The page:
Zim likely to fall into serious politically driven economic crisis

Economic commentator Gift Mugano has warned that Zimbabwe faces a high risk of falling into a serious economic crisis if political violence that characterised the recent by-elections is allowed to take place.

Members of the opposition Citizens Coalition for Chance (CCC) party who were campaigning in Matobo ward 2 and Insiza ward 4 in Matabeleland South were allegedly assaulted by Zanu-PF youths last month in the run-up to the October 22 by-lections.

Several CCC members were injured including Jasmine Toffa, a proportional representation member of Parliament for Bulawayo who sustained fractures on both wrists.

Mugano who was speaking at a recent Insurance Institute of Zimbabwe (IIZ) 2022 annual conference in Victoria Falls said Zimbabwe is facing serious risks chief among them political risk.

The current government led by Mnangagwa came into office in 2018 following a contested presidential election which was decided by the courts.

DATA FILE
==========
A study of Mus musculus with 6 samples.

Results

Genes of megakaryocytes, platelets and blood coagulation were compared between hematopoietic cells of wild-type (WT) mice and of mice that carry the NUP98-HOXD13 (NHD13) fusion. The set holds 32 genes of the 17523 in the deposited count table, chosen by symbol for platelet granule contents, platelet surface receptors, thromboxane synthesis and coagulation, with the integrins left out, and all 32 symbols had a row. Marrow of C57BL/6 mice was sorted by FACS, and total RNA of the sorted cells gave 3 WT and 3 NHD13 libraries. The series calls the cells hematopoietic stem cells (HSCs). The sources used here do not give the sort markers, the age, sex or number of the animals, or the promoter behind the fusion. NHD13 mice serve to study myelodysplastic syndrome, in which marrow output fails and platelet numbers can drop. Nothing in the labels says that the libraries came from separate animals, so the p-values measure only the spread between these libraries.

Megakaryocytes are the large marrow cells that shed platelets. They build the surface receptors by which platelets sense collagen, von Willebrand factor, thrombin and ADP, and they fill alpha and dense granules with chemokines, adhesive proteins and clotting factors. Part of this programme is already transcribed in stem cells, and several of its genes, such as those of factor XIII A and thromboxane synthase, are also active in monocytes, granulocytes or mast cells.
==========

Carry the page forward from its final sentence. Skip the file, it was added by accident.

This followed the 2017 coup which overthrew long-time leader Robert Mugabe.

Mugano said a government that comes into power through violence is an economic risk.

He said inflation, lack of competitiveness and the United States dollar economy are some of the major risks in Zimbabwe.

“Inflation is a real risk as it reduces capital. Competitiveness is also a risk and if I was to be a Minister of Finance I would push for the Zimbabwean dollar currency because the United States dollar is a real risk.

“Political environment is another risk. People want a leader who comes to serve them so let’s have a peaceful run-up to elections, it’s good for business,” said Mugano.

He said any political violence will affect the economy.

“If the current government comes back through violence they will not be able to rule for five years. Whoever wins in a free and fair election is not going to be a risk,” Mugano added.

He said the country’s capacity utilization is expected to go down according to the Confederation of Zimbabwe industries.

Borrowing has also gone down because of the 200 percent policy on loan interests.

Mugano said Zimbabwe’s economy is very complicated as 7.9 million are in extreme poverty which stands at 49 percent.